Boeing says farewell to its famous jumbo jet

10 mins

With a stock market value of $125 billion, Boeing is the words biggest aerospace manufacture...

Mane Aerospace Team

By Mane Aerospace Team

With a stock market value of $125 billion, Boeing is the words biggest aerospace manufacturer. The company constructs commercial jets, missiles, space technology and military aircraft.

On January 31st 2023, Boeing marked the end of a 55-year era by giving the legendary 747 jumbo jet a grand send-off.  The Boeing 747 is known to be a large, long-range wide-body airliner. Once known as “the Queen of the Skies”, this jumbo jet revolutionised air travel by helping demands meet for flights since the late 1960s, as the world’s first twin-aisle aircraft.

Ben Smith, chief executive of Air France-KLM, has commented, “Prior to the 747, your average family couldn’t fly from the US to Europe affordably.” This demonstrates the significance this aircraft had on society.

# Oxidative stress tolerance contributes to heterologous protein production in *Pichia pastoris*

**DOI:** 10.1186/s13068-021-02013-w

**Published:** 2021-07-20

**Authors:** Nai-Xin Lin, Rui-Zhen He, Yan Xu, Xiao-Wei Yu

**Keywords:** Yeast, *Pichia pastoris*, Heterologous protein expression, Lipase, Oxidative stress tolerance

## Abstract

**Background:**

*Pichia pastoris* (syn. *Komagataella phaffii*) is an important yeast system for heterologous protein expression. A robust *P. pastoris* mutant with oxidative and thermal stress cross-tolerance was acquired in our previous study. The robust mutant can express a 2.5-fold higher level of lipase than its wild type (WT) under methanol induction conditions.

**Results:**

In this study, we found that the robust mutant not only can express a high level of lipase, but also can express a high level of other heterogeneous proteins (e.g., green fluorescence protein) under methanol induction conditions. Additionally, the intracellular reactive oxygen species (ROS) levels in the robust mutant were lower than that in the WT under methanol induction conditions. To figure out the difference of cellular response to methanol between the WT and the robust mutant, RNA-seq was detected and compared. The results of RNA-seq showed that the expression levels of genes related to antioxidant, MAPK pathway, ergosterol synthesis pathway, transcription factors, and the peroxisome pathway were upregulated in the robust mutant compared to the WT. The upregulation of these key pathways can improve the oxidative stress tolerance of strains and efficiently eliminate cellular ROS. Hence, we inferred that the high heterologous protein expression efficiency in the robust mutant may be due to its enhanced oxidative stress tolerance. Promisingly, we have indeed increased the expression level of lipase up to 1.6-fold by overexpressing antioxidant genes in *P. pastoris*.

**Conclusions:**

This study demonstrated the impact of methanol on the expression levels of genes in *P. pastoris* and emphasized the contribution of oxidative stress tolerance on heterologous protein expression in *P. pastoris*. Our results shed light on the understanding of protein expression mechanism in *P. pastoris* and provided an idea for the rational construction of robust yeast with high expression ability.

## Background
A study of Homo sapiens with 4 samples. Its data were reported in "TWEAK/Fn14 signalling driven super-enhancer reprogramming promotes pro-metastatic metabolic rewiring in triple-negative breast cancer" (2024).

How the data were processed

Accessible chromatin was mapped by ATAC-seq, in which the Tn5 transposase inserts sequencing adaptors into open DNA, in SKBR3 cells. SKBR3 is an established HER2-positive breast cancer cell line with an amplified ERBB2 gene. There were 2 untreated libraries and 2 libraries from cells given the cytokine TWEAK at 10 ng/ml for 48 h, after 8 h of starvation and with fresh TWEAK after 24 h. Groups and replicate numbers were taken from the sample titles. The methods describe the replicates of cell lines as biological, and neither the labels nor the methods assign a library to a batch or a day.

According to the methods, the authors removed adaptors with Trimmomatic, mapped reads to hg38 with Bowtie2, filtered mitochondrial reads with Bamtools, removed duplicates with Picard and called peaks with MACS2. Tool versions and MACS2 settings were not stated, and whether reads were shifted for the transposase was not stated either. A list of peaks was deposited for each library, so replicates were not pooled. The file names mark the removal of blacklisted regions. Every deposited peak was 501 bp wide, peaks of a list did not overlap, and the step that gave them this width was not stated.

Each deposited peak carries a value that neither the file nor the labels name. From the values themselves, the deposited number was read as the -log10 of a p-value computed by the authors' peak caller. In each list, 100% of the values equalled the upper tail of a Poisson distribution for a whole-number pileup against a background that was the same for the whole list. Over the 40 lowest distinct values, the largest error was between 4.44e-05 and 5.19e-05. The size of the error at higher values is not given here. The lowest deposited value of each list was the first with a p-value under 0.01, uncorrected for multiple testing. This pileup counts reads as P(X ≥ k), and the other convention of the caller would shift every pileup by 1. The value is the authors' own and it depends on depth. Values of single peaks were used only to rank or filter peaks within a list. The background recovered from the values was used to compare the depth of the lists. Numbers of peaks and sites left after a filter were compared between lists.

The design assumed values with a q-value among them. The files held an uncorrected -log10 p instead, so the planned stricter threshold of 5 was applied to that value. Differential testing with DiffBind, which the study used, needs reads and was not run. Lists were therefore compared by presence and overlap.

Now, nearly six decades later, the 747 programme will end. To commemorate the occasion, 747 was given a send-off in the skies over Washington State. The crew flew a special flight path, drawing a massive crown in the sky in the shape of ‘747.’

In 1968, when the first 747 rolled off Boeing’s assembly line, the jumbo design revolutionized airline service.

Back in 1970, the 747 doubled the capacity of a typical commercial jet, with up to 400 seats, with Pan Am on the London to New York route.

It took years for the programme to properly get off the ground, and pushed Boeing to the brink in terms of cost. In 1989, the arrival of the 747-400 helped meet the mounting demand for transpacific flights due to its newer engine, as well as being made from lighter materials.

After delivering 1574 jets to over 100 customers, Boeing is finally ending its 747 programme. Despite this, the latest iteration, the 747-8 will continue flying for years, predominantly as a freight carrier.

Questions are now being raised in anticipation of the final 747 delivery. What is the future for Boeing's widebody manufacturing site in Seattle?

Dave Calhoun, Chief Executive of Boeing, has stated that Boeing may not design a new airliner for at least a decade.